The Benefits and Drawbacks of a Social Media Presence

Increasingly, people look to social media to learn about and stay connected with businesses and organizations. VR agencies can take advantage of social media platforms to communicate with consumers and highlight their business partners.  However, managing social media is a commitment which requires time and active participation. The benefits and considerations of having a social media presence need to be evaluated before dedicating resources to maintaining online platforms.

Benefits of a Social Media Presence

Frequent contact between consumers and VR counselors improves VR outcomes (Ipsen & Goe, 2016, summary of findings) and social media can provide another avenue for communication.  Regular posts on Instagram, Twitter and Facebook can keep a job search in the front of a consumer’s mind.

Further, social media can be used to share practical tips and strategies in a friendly and conversational way, which may make consumers more receptive to the information. Examples of relevant VR related content include posts on job search strategies, interview tips, job fair information, etc.  Our post 8 Things to Remember when Posting to Twitter shares examples of engaging and relevant content created by Georgia VR.

Social media can also be used to post inspirational material for anyone or posts can be targeted specifically to people in a job search.  Creating content that applies to the general public is a good marketing strategy to promote the services VR offers.

Posting employment success stories is another way to highlight successful partnerships between consumers, employers and VR.  Offering to highlight employment partners on social media platforms is a great way to recognize the businesses VR agencies partner with.  Nebraska VR has created some videos to highlight success stories which are posted on their YouTube channel.

Things to Consider with Social Media

Organizations that participate in social media will tell you that maintaining an online presence is time-intensive and can’t be done haphazardly.  Content needs to be created, responses need to be monitored and addressed, and the general look and feel of social media needs to be maintained and updated.  These responsibilities require that part or all of someone’s job is managing social media outlets.  An organization considering social media needs to be thoughtful and committed to allocating appropriate resources to maintain an online presence.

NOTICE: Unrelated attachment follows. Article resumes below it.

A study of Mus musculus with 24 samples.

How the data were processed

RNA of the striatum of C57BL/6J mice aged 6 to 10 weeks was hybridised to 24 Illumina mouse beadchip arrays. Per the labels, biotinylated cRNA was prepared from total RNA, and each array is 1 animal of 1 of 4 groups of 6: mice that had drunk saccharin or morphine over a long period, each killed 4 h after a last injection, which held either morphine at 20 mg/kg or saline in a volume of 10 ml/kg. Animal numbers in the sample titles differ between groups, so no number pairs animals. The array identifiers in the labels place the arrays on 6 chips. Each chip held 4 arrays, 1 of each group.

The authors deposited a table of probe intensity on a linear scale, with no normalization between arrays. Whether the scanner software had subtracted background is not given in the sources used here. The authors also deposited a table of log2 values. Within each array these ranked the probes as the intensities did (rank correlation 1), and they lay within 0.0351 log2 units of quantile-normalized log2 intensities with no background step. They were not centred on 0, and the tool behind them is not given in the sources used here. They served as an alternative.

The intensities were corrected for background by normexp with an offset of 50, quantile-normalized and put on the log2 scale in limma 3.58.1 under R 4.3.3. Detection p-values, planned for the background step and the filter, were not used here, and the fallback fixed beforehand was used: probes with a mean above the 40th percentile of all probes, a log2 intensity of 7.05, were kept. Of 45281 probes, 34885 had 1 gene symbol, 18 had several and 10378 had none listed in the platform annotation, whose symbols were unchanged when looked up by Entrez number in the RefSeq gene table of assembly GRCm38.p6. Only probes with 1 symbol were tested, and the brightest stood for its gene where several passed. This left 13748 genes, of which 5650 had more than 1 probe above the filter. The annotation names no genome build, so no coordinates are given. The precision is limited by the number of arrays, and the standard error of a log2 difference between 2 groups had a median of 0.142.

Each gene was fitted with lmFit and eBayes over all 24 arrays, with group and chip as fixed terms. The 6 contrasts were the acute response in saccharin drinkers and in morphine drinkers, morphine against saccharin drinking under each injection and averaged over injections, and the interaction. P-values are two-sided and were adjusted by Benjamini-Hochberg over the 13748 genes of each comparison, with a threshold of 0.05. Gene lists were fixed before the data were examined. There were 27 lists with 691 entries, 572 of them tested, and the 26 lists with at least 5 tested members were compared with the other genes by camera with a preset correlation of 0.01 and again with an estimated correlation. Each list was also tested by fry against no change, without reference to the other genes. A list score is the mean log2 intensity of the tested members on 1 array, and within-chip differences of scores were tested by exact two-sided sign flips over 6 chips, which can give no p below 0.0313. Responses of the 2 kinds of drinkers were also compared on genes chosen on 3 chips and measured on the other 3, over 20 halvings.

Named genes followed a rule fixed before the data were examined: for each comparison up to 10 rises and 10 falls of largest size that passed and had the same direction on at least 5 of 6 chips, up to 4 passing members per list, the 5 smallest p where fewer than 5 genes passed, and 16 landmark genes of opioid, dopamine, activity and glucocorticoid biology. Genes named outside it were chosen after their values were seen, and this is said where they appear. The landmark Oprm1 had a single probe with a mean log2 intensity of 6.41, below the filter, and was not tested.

If an agency commits to social media, goals should be set and outcomes measured.  Agencies will want to consider: How many views make a post successful?  How website traffic be monitored?  How many people need to be engaged in the social media efforts to generate adequate content to make it worthwhile?  How is “buzz’ going to be measured?  Agencies should consider creating metrics to measure success as well as an exit strategy if maintaining a social media presence isn’t worthwhile.

A social media policy needs to be created and shared with staff which addresses the following scenarios:

  • When is an organization going to delete comments or block users?
  • How are online guidelines going to be shared with users and administered?
  • How is an agency going to respond to negative posts?
  • Can staff members have and maintain social media accounts as a representative of the agency?

See Responding to Negative Posts on Social Media for more information.

Social media has the potential to offer additional avenues of communication with consumers.  Posts that highlight relevant information can help individuals with their job search.  However, before leaping in, encourage your agency to thoughtfully consider a plan that addresses the time commitment social media requires as well as policies that outline how to proceed if things go off the rails.


Ipsen, C. & Goe, R. (2016). Factors associated with consumer engagement and satisfaction with Vocational Rehabilitation.  Journal of Vocational Rehabilitation, 44, 85-96.